Alice Dye, the wife and golf-course design partner of World Golf Hall of Fame architect Pete Dye and an accomplished player who won two U.S. Senior Women’s Amateur titles, died on Feb. 1 at the age of 91 at her home in Gulf Stream, Fla.
Known by many as the “First Lady” of golf course architecture in the United States, Dye won some 50 amateur tournaments and worked with her husband of nearly 69 years to create of the game’s finest modern venues.
Born on June 17, 1927, in Indianapolis, Alice Holliday O’Neal was given a set of wooden-shafted clubs at an early age by her mother, Lucy. Under the tutelage of PGA professional Wally Nelson, Alice went on to capture 11 Indianapolis Women’s City titles and in 1946, the first of nine Indiana Women’s Golf Association Amateur titles.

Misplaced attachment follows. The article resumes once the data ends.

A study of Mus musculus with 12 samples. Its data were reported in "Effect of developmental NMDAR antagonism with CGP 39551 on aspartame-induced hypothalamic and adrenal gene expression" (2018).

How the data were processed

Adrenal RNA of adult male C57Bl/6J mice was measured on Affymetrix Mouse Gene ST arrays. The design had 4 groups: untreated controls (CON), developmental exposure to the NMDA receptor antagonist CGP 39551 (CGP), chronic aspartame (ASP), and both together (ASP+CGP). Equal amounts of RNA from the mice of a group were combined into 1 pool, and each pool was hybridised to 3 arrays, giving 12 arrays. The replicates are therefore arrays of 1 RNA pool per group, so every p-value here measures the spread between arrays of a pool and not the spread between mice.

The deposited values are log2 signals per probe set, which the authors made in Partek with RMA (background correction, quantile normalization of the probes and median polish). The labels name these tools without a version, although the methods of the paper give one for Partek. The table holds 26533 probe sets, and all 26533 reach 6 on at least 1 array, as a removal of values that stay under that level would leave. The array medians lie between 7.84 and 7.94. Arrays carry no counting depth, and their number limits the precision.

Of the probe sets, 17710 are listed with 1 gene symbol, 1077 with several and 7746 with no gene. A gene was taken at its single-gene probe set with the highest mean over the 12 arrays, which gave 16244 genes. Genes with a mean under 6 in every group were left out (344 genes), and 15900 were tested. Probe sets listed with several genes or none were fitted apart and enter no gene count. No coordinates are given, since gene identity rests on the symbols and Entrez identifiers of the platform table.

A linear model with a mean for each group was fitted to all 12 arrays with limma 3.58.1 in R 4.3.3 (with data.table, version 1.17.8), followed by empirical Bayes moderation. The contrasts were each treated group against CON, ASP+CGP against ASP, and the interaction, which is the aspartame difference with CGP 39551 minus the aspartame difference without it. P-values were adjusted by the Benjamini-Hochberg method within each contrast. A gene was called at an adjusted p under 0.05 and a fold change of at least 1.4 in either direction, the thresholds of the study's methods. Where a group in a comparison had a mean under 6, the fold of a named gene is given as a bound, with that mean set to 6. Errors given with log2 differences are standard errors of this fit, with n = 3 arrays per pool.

While attending Rollins College in Winter Park, Fla., Alice met Paul “Pete” Dye Jr., following his discharge from the military in World War II. A pre-med major, she graduated in 1948 with a bachelor’s degree in zoology and the two married in 1950. A few years later, Pete suggested they become golf course designers.
Throughout their partnership, Pete produced the initial designs, paying close attention to agronomy and layout, while Alice edited and amended Pete’s ideas, while also producing course drawings and plans. Alice is also credited with suggesting some of the most challenging and creative aspects of Dye-designed courses, such as the island-green 17th hole at TPC Sawgrass in Ponte Vedra Beach, Fla., site of the annual Players Championship.